Frank Washington, a descendant of the Scott family in Thoroughfare, claims that his family's cemetery was illegally sold in a tax sale and desecrated.

PRINCE WILLIAM COUNTY, Va. — A lawsuit filed against several parties, including Prince William County, alleges the desecration of a cemetery occupied by indigenous, formerly enslaved people and their descendants. 

The lawsuit names Prince William County Board of Supervisors, County Executive Elijah Johnson, and International Investments, LLC (also known as Farm Brewery at Broad Run) for the desecration of Scott Cemetery, which is occupied by indigenous, formerly enslaved people and their descendants.

The lawsuit was filed on Oct. 10 by Frank Washington who is a descendant of the Scott family. 

According to a press release from the Coalition to Save Historic Thoroughfare Spokesperson Frank Washington, who filed the lawsuit, Thoroughfare is a historic community in Virginia that dates back hundreds of years and was formed by indigenous people and later freed Black slaves that settled in the area. The Coalition also states that the family cemetery from this community dates back to around the 1860s and possibly earlier.

The lawsuit is claiming that Prince William County unlawfully sold the land where the cemetery resides through a tax sale. In the state of Virginia, it is illegal to tax public and privately owned cemeteries. However, the court document explains that proper notice was not given to “interested parties, including the Plaintiff.” In addition to this, the lawsuit also claims that the buyer of the land, Farm Brewery, continued to do construction over the cemetery after they were informed about its existence.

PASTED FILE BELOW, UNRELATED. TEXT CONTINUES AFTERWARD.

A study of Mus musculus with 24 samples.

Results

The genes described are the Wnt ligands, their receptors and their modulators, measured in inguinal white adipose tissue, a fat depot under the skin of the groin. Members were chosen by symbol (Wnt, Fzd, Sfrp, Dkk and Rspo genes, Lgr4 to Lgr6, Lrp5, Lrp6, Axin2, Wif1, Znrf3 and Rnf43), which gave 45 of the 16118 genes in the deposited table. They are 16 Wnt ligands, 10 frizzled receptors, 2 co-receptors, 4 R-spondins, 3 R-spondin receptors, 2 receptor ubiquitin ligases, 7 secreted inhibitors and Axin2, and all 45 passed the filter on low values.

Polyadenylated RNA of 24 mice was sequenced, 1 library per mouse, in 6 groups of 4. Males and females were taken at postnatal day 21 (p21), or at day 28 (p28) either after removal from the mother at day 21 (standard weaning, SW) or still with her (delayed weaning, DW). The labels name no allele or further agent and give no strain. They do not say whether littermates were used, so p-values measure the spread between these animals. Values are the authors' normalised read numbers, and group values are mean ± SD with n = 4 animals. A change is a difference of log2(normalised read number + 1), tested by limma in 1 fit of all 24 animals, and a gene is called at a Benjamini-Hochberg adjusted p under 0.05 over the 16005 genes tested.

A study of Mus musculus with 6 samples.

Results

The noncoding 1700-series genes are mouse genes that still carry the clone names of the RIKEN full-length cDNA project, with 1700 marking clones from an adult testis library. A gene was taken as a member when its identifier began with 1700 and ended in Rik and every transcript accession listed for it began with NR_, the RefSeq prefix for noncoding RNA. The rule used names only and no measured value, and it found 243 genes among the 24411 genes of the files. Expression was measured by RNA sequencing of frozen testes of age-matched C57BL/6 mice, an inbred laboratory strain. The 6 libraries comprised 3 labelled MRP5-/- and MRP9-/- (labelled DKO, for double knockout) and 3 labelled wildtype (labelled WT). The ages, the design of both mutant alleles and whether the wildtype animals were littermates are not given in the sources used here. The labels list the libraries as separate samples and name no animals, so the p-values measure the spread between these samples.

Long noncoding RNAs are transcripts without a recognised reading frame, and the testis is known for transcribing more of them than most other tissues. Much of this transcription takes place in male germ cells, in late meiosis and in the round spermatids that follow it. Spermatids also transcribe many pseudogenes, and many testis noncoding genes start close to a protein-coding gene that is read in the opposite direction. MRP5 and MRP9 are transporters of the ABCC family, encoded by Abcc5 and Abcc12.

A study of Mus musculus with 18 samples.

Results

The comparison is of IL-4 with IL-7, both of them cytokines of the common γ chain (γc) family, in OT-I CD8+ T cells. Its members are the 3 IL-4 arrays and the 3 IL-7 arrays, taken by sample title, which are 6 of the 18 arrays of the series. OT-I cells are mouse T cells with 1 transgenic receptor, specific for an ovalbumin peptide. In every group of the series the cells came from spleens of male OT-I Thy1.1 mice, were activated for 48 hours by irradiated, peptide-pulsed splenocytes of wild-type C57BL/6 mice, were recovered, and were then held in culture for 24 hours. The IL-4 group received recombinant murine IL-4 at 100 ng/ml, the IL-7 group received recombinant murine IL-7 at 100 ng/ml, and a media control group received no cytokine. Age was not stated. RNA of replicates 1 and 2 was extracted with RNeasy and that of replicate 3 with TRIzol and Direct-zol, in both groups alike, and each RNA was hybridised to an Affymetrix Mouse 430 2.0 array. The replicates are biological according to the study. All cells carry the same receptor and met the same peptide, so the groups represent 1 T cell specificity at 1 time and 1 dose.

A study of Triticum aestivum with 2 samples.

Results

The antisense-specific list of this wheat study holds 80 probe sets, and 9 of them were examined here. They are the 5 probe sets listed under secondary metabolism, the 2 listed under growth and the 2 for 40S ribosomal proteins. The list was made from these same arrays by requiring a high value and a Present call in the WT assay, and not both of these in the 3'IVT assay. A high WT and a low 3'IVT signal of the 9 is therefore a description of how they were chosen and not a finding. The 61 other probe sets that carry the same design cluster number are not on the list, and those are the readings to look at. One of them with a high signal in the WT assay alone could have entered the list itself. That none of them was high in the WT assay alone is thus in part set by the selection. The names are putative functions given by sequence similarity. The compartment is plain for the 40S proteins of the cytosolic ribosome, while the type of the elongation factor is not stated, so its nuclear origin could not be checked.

Dating back to 1937, the lawsuit references the historical recognition of the Scott Cemetery and claims that it was recognized as a historic landmark site in aerial surveys. Furthermore, the court documents claim that in 1966 the United States Geological Survey confirmed Scott Cemetery’s existence.

Another survey that occurred in the mid-1990s until the early 2000s was referenced as siting the Scott Cemetery as a potential cemetery in Prince William County and was registered in the County as a “cemetery with historical significance,” according to the lawsuit. However, despite this, the court document further claims that the cemetery was not given its own address or geographic parcel identification number.

In addition to the threat of Scott Cemetery, the press release claims that developers “destroyed the Scott Cemetery, blocked access to the Potters Field Cemetery, and threatened the Fields/Allen Cemetery with development.” All three of these cemeteries are part of the Thoroughfare community.

WUSA9 has reached out to Prince William County for comment and is waiting to hear back.